Deploying an Imply cluster requires planning and preparing its intended operating environment. You will need to choose the hardware, decide how to provision users, prepare the network, and more. This document outlines some of these considerations.
In its out-of-the-box configuration, Imply is not intended to be exposed to untrusted users or to an untrusted network, such as the Internet. It is possible to expose Pivot in a limited fashion with a secure, custom configuration. However, Druid or its APIs should never be exposed in this manner. For details on configuring Pivot for secure access on untrusted networks, contact your Imply representative.
We recommend running Imply on your favorite Linux distribution. You will also need Java 8.
Your OS package manager should be able to help with installing Java. If your Ubuntu-based OS does not have a recent version of Java, Azul offers Zulu, an open source OpenJDK-based package with packages for Red Hat, Ubuntu, Debian, and other popular Linux distributions.
It's possible to run the entire Imply stack on a single machine with only a few GB of RAM, as you've done in the quickstart. For a clustered deployment, however, larger machines are typically required.
A simple, medium-sized cluster—often the starting point for an Imply deployment—needs one Master server, one Query server, and as many Data servers as necessary to index and store data.
For clusters with complex resource allocation needs, you can break apart the data server components and deploy them individually. This allows you to scale Druid Historical Nodes independently of Druid MiddleManagers, and eliminates the possibility of resource contention between historical workloads and real-time workloads.
The following recommendations outline machine requirements for a medium-sized cluster.
Data servers run Druid Historical services (for storage and processing of large amounts of immutable data) and Druid MiddleManagers (for data ingestion and processing). These servers benefit greatly from CPU, RAM, and SSDs. The equivalent of an AWS r4.2xlarge is a good starting point. This hardware offers:
Query servers are the endpoints that users and client applications interact with. Query servers run a Druid Broker that route queries to the appropriate data nodes, and a Druid Router that acts as a thin reverse proxy layer and unified query and API endpoint. They include Pivot as a way to directly explore and visualize your data, Druid's native SQL and JSON-over-HTTP query support. These servers benefit greatly from CPU and RAM, and can also be deployed on the equivalent of an AWS r4.2xlarge. This hardware offers:
Master servers coordinate data ingestion and storage in your Druid cluster. They are not involved in queries. They are responsible for coordinating ingestion jobs and for handling failover of the Druid Historical Node and Druid MiddleManager processes running on your Data servers. The equivalent of an AWS m5.xlarge is sufficient for most clusters. This hardware offers:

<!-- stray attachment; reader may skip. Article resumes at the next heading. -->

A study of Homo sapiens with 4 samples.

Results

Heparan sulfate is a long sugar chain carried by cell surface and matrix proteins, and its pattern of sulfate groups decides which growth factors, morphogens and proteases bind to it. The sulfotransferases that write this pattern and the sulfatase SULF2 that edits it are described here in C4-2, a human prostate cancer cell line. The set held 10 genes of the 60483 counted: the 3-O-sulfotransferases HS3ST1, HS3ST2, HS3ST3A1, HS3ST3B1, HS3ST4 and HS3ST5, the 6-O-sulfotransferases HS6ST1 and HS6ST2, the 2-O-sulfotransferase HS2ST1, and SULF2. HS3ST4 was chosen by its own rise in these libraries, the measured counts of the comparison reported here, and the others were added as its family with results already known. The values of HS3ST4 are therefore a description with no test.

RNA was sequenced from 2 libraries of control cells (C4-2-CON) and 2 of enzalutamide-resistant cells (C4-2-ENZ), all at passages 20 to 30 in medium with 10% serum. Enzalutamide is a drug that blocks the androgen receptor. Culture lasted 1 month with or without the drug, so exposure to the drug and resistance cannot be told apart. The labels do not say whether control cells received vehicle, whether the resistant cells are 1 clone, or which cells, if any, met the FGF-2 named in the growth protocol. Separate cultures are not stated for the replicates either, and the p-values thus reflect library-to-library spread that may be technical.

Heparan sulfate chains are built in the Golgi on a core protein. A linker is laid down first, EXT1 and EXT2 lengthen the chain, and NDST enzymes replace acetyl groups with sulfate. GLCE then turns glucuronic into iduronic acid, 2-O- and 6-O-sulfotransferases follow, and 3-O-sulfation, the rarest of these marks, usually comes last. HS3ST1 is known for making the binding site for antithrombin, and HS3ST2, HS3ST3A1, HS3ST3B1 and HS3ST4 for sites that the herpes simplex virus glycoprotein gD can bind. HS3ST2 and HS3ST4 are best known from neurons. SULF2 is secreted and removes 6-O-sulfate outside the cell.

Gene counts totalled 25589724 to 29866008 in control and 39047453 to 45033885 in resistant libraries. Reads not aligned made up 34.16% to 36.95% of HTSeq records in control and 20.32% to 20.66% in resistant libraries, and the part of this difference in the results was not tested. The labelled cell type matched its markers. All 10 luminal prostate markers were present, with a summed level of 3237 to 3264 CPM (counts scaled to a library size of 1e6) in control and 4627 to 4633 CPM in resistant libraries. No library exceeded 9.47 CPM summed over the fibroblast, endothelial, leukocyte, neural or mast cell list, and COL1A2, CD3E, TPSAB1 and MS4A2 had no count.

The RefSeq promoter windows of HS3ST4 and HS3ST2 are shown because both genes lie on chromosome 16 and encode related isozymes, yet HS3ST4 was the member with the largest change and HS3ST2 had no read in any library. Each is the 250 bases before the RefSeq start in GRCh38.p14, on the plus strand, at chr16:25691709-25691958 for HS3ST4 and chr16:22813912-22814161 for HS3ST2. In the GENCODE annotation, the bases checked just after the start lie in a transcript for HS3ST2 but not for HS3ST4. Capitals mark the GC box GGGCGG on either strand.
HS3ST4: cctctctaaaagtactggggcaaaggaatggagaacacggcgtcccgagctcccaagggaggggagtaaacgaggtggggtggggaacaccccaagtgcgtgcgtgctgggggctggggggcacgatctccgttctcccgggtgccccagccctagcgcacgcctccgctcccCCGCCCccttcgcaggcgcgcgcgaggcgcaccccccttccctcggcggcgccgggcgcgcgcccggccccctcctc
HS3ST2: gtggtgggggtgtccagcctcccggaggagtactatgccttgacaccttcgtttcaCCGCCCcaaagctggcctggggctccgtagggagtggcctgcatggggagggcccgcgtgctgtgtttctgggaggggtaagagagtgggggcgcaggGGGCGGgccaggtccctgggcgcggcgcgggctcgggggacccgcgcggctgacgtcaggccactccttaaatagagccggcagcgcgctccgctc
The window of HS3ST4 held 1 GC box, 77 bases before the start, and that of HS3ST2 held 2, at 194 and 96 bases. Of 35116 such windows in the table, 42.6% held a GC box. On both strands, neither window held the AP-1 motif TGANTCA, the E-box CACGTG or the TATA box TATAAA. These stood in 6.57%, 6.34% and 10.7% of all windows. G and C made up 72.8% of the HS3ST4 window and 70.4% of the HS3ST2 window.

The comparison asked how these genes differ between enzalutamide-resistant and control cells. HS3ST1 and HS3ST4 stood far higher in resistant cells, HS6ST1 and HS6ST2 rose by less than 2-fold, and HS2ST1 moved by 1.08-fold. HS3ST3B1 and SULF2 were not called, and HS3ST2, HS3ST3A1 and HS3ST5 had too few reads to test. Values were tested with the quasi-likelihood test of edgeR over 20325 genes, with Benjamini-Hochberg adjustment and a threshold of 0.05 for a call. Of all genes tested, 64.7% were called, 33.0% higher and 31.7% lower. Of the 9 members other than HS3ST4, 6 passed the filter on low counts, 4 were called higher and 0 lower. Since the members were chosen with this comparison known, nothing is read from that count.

Druid relies on a distributed filesystem or binary object store for data storage. The backing deep storage systems commonly used with Druid include Amazon S3 (popular for those on AWS), HDFS (popular for those who already have Hadoop in their environment), Microsoft Azure, or Google Cloud Storage (GCS).
How you configure deep storage varies depending on how you deploy Imply, as follows:
For more information, see Deep Storage in the Druid documentation.
If you're using a firewall or some other system that only allows traffic on specific ports, allow inbound connections on the following:
A quickstart cluster created in the Imply Manager runs a single Master server, a single Query server, and one or more Data servers. In this scenario, Data servers are scalable and fault tolerant, but achieving the same for Master and Query servers requires some additional configuration steps.
For the Master server, which runs Derby (metadata storage), ZooKeeper, and the Druid Coordinator and Overlord:
For the Query server:
Data servers can be scaled out without any additional configuration.
Deployments across geographically distributed datacenters typically involve independent active clusters. For example, for a deployment across two datacenters, you can set up a separate Imply cluster in each datacenter. To ensure that each cluster loads the same data, there are two possible approaches:
Imply does not currently provide tools to simplify multi-datacenter deployments; users typically develop site-specific scripts and procedures for keeping multiple clusters synchronized.
Druid's critical data is all stored in deep storage (e.g., Azure, S3, or HDFS) and in its metadata store (e.g., PostgreSQL or MySQL). It is important to back up your metadata store.
Deep storage is often infeasible to back up due to its size, but it is important to ensure you have sufficient procedures in place to avoid losing data from deep storage. This could involve backups or could involve replication and proactive operations procedures.
Druid does not store any critical data in ZooKeeper, and does not store any critical data on disk if you have an independent metadata store and deep storage configured.